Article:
Patients Want Online Access to Physicians, Health Records

Patients Want Online Access to Physicians, Health Records

TUESDAY, June 30, 2015 (HealthDay News) -- Internet-savvy Americans would like to add their doctors to their group of Facebook friends or e-mail contacts, according to a study published online June 24 in the Journal of General Internal Medicine.

In a new study, researchers analyzed 2,252 responses from a national survey of retail pharmacy customers. Many of those surveyed were frequent Facebook users who wanted to be able to contact their doctor about health-related matters through this social networking site or via e-mail.

Thirty-seven percent of participants said they'd e-mailed their doctor in the past six months, and 18 percent had reached out through Facebook. Those most likely to reach out to their doctor electronically were non-whites, people younger than 45, and those with higher incomes. Caregivers and patients with chronic illnesses were also more likely to use e-mail or Facebook to communicate with their doctor. People with less education and lower incomes were less likely to reach out to their doctor online. Accessing health information electronically is also preferred, the survey results revealed. Up to 57 percent of respondents reported wanting to use their doctors' websites for this purpose. About 46 percent also wanted to track their health progress or access health information through e-mail.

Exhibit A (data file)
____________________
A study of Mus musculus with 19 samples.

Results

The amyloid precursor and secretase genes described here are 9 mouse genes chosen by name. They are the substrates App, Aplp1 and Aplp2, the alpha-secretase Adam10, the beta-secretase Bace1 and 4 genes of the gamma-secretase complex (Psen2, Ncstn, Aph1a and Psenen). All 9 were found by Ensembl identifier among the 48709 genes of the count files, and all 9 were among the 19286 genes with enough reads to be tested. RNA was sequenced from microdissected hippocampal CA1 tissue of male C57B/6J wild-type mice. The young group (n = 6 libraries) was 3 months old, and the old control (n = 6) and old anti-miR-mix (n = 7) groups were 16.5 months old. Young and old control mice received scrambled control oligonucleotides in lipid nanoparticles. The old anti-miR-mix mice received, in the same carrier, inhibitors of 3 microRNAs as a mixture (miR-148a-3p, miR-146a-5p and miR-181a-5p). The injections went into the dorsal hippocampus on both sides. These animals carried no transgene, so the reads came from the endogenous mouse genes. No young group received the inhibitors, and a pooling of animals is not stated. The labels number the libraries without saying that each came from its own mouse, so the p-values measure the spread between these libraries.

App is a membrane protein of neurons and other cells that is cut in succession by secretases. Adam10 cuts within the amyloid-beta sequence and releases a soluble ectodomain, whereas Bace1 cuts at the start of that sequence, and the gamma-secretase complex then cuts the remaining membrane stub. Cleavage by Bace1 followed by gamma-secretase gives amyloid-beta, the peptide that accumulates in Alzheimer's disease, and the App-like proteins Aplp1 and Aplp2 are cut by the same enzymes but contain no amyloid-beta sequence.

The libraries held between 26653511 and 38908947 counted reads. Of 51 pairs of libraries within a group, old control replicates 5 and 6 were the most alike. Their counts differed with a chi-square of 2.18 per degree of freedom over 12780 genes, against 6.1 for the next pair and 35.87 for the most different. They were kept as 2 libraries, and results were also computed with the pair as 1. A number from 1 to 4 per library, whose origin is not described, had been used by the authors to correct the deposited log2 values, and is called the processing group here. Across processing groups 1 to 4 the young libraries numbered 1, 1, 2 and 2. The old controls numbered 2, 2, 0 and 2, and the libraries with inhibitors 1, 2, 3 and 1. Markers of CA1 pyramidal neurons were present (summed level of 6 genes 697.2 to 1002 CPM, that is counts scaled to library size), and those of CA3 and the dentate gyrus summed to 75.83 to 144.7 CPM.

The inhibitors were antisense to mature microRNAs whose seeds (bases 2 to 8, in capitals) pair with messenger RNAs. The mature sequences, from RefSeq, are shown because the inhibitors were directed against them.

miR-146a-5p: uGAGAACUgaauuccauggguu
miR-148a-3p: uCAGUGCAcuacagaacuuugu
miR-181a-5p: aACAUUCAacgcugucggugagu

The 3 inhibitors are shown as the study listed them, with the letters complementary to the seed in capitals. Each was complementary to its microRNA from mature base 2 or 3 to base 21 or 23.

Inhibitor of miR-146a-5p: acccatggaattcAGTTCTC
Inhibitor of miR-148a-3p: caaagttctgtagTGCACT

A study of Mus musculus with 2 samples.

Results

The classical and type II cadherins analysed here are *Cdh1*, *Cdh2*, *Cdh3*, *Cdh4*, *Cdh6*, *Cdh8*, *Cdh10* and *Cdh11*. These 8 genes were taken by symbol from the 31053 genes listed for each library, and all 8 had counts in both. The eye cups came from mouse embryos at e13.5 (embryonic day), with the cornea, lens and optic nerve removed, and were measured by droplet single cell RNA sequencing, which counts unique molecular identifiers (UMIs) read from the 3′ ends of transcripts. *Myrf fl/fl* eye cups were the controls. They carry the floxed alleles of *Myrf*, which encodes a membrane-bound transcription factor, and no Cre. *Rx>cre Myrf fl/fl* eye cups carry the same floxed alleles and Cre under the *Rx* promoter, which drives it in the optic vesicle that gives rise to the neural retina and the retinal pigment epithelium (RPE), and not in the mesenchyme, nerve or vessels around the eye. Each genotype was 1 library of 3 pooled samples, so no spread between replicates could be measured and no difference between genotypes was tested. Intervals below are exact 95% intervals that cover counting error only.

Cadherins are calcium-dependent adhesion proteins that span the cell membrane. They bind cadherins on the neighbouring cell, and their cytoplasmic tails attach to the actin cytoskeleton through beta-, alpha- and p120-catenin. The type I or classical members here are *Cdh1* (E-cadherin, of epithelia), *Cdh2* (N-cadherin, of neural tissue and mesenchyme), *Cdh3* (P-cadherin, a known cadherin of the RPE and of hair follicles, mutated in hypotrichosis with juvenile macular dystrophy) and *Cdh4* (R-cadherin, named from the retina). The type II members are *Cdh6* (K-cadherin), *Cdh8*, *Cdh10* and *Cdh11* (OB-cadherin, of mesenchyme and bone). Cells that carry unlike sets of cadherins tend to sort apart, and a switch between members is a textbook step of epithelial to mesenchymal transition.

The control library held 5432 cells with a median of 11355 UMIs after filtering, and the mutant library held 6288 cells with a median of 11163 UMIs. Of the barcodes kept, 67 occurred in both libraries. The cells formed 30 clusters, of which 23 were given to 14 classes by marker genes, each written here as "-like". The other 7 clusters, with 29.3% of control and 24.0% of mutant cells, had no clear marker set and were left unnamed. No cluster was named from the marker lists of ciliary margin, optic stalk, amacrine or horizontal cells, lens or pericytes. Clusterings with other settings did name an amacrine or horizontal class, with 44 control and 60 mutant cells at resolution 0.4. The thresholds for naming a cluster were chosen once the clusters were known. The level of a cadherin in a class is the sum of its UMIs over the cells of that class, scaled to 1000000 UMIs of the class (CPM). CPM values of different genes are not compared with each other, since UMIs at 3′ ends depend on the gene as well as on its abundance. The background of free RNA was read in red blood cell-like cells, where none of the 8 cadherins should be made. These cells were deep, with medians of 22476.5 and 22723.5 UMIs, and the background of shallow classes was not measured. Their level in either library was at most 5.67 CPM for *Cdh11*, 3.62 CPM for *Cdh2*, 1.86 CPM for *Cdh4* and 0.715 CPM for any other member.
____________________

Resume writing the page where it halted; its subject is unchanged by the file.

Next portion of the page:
Electronic health records have made these options available to patients at many hospitals, but few patients actually use them. Only 7 percent of those polled ever access their own heath information on their doctors' website and only 7 percent order drugs by e-mail, the survey showed. This suggests patients may not know about the online health services available to them, the study authors suggested. "The findings highlight the gap between patient interest for online communication and what physicians may currently provide," study author Joy Lee, of the Johns Hopkins Bloomberg School of Public Health in Baltimore, said in a journal news release.